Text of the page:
The big news of the day is the ruling by a federal bankruptcy judge that Detroit can enter Chapter 9 bankruptcy and that public pensions are “not entitled to any heightened protection.” Although the judge agreed with opponents of the bankruptcy that the “city had failed to make ‘good faith’ attempts to negotiate with creditors, [he] said that such negotiations had been ‘impracticable.’” At least one union has already filed a notice of appeal. Coverage of the decision can be found at the New York Times, L.A. Times, Washington Post, and Time, among others. Both the New York Times and Wall Street Journal have additional commentary on the decision, noting its potential to impact the municipal bankruptcy proceedings in Stockton and San Bernardino, California.
The New York Times and Wall Street Journal report on the Fifth Circuit ruling in D.R. Horton v. NLRB, which overturned a National Labor Relations Board decision that had “barred employers from requiring workers to sign arbitration agreements forbidding them from filing class actions or collective claims on such issues as pay and hours.”
Eliseo Medina of the SEIU and two other advocates ended their water-only fasts on the National Mall after 22 days, the New York Times and L.A. Times reported. The ceremony was attended by top Democratic officials, including Representatives Nancy Pelosi and Steny Hoyer, and Labor Secretary Thomas Perez. The Wall Street Journal’s Washington Wire blog reports that the hiring of Rebecca Tallent, a longtime advocate of immigration legislation, by Speaker of the House John Boehner may be a signal that the Speaker is interested in moving forward with immigration reform legislation at some point in the future.
The Washington Post features a slew of union-related coverage today. Stories include: the filing of a lawsuit against the San Francisco Bay Area Rapid Transit (BART) agency by its two largest unions over a disputed FMLA provision in the union contract; testimony to a House oversight committee by the president of the National Border Patrol Council, which represents federal border patrol workers, advocating to changes in overtime policy that would reduce officers’ pay; and the appointment of Tony Clark as the Executive Director of the Major League Baseball Players Association, the first former major league player to hold the position.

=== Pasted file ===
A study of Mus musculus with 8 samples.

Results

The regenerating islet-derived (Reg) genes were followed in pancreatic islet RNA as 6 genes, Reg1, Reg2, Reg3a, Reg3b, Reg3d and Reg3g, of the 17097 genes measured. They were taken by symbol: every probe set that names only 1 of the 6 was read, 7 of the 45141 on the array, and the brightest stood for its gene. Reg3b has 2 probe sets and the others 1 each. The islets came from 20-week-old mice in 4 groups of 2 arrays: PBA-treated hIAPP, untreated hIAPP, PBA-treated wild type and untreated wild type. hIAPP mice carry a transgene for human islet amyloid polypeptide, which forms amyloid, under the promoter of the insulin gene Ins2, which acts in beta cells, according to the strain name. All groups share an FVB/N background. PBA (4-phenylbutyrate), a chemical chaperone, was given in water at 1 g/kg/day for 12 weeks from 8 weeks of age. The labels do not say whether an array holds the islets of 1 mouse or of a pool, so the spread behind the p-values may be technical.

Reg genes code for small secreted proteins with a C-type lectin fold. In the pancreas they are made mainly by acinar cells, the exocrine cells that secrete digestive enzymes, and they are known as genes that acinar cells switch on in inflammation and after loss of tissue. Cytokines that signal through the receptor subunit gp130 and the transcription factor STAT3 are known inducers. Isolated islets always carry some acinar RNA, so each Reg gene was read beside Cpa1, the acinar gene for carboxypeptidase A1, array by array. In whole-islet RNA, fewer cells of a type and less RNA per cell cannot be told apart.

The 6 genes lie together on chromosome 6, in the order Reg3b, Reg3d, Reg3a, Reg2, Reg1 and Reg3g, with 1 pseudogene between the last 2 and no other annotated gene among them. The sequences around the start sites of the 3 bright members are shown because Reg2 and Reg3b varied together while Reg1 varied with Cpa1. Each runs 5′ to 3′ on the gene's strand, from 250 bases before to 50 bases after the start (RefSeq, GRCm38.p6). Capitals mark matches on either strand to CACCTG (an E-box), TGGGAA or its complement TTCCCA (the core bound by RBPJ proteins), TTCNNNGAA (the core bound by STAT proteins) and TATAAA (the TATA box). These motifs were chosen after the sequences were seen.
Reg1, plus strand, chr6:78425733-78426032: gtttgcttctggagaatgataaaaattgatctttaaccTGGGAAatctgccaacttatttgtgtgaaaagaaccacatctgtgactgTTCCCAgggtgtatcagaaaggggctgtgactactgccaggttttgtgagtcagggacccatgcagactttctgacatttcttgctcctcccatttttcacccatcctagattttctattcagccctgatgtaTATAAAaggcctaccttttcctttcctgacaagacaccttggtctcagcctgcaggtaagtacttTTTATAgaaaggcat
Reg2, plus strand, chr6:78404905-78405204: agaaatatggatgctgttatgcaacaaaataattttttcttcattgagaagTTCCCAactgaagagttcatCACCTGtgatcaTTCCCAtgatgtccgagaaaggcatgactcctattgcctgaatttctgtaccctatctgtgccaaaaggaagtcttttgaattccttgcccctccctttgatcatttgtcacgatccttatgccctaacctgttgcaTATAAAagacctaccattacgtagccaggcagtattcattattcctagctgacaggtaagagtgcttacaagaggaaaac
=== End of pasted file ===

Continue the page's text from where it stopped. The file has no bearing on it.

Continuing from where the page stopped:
The New York Times also has heavy labor-related coverage today. The Illinois state legislature passed a reform bill, expected to be signed by the Governor, to address the state’s “debt engulfed pension system by trimming retiree benefits and increasing state contributions.” The paper also reports on the graduating class of the New York City Fire Department’s training academy, a class which is more diverse than any previous class. The increased diversity is “a result of a federal judge’s order that the city reform the hiring practices” which had a disparate impact on minority applicants. Another article discusses the momentum behind SEIU’s efforts to unionize adjunct professors “at private colleges in several urban areas.” The Economix blog continues its coverage of the issue of minimum wages with a post discussing the quality of jobs in terms of the compensation they offer in relation to the quality of the skills of the workers who inhabit those jobs. And finally, the Times reports on the trend in some European countries to “furiously dismantl[e] workplace protections in a bid to reduce the cost of labor.” The article describes this trend as the spreading of American style workplace policies in Europe and discusses the potential long term costs of relaxed workplace protections, including widening the inequality gap.